Following the recent Employment Appeal Tribunal (“Tribunal”) decision confirming that certain overtime and allowance payments should be included when calculating an employee’s normal weekly pay for holiday pay purposes, there have been a number of recent developments.
As you will recall, the Tribunal’s decision meant that employers should pay their employees holiday pay which reflects their “normal pay”.
The Tribunal has confirmed that holiday pay should, therefore, include guaranteed compulsory overtime (i.e. overtime guaranteed under the Contract, whether or not available) and non-guaranteed overtime, (i.e. an employee is obliged to work overtime and be paid for it, if it is offered).
Holiday pay should also include any allowances payable such as travel or attendance allowances if they are “intrinsic” to an employee’s normal work.
What about Voluntary Overtime and Commission?
Whilst we are still waiting for clarification in relation to the position for commission and voluntary overtime, it does not look good for employers.
Indeed, we attended a recent talk given by a senior lawyer involved in the recent case and, in his opinion, the tribunals are likely to conclude that holiday pay should reflect an employee’s normal pay and therefore include commission and all types of overtime, including voluntary overtime.
How can the Claim be Limited?
- The decision could cause serious damage to businesses if employees are able to claim unpaid holiday pay going back to 1998 or perhaps even earlier. The Government has, therefore, confirmed that any retrospective claims are limited to a maximum of two years.
This limit however will only apply to claims issued at a tribunal after 1st July 2015. There is still time, therefore, for employees to submit claims to a tribunal now which could stretch back to 1998 or even earlier.
It is common knowledge that “no win no fee” and union solicitors are already gearing up to bring large scale claims before the July 2015 deadline. The publicity for this will only get stronger as we approach the deadline.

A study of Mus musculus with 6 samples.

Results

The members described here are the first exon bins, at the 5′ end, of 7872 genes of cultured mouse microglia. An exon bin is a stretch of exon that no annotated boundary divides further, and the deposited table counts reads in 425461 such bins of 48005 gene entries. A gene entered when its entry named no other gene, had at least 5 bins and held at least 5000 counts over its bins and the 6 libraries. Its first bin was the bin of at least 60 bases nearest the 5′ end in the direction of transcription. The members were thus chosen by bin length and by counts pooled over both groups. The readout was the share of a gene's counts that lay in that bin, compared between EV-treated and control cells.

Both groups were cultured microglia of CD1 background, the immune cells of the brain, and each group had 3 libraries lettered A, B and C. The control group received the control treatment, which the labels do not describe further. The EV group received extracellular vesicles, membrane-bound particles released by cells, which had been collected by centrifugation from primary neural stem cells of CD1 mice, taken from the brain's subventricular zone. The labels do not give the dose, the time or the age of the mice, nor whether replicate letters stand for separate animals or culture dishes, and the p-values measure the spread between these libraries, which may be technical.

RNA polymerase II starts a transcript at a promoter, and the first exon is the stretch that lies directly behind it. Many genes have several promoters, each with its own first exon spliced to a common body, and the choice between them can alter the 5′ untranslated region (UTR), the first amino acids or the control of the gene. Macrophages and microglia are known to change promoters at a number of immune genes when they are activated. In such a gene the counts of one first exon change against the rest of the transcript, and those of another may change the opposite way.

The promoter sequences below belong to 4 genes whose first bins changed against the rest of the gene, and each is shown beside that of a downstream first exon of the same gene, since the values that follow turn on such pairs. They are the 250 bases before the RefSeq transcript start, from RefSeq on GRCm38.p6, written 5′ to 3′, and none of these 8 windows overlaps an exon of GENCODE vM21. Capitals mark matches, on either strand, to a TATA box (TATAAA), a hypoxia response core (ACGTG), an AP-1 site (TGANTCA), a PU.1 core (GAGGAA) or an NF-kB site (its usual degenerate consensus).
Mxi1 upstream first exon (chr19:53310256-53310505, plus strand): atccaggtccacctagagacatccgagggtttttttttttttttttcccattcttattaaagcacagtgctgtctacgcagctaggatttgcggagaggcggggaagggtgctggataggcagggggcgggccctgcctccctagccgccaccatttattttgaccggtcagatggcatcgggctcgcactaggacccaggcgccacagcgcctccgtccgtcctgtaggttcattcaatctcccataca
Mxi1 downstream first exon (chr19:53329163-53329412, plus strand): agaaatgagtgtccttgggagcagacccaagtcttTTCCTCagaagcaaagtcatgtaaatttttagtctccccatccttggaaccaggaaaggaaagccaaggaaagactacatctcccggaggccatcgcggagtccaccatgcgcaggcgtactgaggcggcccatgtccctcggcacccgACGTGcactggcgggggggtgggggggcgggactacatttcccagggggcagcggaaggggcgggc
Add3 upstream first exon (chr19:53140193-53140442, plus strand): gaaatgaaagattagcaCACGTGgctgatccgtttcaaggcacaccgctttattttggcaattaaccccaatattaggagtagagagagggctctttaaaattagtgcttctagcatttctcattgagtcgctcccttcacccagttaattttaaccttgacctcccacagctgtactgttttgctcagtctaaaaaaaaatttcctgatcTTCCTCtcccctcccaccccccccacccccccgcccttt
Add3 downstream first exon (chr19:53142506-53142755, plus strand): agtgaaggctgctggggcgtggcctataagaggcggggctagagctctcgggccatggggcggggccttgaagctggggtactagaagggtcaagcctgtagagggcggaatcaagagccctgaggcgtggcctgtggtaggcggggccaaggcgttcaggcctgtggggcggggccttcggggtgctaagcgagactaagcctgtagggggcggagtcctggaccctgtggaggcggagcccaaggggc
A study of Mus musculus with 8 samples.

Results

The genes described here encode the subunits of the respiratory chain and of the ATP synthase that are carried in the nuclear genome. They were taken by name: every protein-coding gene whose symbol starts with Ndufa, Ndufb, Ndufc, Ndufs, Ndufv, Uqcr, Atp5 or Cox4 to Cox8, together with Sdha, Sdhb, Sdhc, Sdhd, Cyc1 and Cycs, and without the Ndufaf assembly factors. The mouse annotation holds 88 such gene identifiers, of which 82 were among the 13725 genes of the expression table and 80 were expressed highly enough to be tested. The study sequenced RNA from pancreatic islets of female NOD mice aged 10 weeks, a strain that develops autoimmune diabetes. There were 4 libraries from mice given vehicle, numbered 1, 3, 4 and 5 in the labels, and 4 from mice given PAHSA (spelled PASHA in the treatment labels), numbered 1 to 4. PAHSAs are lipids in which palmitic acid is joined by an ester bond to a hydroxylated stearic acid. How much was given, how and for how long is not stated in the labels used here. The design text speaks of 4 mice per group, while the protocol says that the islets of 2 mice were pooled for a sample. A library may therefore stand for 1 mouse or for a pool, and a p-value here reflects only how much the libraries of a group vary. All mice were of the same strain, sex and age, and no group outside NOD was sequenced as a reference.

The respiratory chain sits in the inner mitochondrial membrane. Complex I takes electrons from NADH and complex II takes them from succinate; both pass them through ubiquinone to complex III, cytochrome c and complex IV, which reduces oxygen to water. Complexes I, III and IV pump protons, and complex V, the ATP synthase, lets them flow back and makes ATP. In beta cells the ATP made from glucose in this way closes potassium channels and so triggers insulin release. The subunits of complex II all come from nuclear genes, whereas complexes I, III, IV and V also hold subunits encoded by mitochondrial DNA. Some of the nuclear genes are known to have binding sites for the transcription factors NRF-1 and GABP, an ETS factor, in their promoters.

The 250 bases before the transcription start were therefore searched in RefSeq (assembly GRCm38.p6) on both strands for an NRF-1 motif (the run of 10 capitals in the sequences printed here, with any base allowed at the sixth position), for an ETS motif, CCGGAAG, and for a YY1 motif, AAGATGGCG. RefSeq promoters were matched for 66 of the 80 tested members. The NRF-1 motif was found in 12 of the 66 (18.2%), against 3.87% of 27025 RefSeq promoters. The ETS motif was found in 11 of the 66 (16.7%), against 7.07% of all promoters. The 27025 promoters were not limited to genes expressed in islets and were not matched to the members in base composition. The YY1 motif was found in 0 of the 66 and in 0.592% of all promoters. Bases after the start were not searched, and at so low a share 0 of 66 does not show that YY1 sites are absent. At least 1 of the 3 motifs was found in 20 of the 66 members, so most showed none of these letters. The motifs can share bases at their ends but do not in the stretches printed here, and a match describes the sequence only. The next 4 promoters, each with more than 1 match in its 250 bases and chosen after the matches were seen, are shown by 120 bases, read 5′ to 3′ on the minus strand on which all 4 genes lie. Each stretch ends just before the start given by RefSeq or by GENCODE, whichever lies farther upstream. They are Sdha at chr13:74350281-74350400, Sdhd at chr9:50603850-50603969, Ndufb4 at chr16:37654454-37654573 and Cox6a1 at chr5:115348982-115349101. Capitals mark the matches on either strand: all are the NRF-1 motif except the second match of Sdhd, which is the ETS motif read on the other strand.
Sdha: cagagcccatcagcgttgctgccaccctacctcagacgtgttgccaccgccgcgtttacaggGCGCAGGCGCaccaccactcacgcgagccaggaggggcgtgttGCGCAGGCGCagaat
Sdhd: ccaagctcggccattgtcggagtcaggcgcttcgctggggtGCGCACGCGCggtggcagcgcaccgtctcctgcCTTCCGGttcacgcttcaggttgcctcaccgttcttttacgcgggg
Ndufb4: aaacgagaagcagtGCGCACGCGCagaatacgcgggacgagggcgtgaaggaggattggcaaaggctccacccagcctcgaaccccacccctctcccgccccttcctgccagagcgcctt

- Claims may also be limited if there is a break of at least 3 months between periods of holiday.
Calculation of a week’s pay
In light of this decision, employers will need to calculate a worker’s average weekly pay. The Employment Rights Act 1996 already includes provisions for calculating an employee’s weekly pay based on a 12 week reference period for the purposes of redundancy pay and other claims.
Whilst the Tribunal did not confirm that this is the method that should be used for the purpose of calculating holiday pay, it does seem the most logical approach in the circumstances.
That said, this may have to be reviewed and a longer calculating period considered if it is not reflective of an employee’s true pay.
What should you do next?
We will continue to watch the developments on this subject with baited breath. However, we advise that you do not bury your heads in the sand. By doing nothing, you are not breaking the series of deductions and reducing your liability moving forward.
We therefore urge you to review your practices and contractual obligations in relation to overtime and allowances and how you calculate holiday pay.
Once you have done so we can discuss your potential liabilities, with particular regard to back-dated claims and your options for moving forward to ensure that you draw a line in the sand and limit your ongoing liability as far as possible. Indeed, we have already helped a number of clients in this respect.
If you are interested in a holiday pay audit, please contact a member of our Employment Team.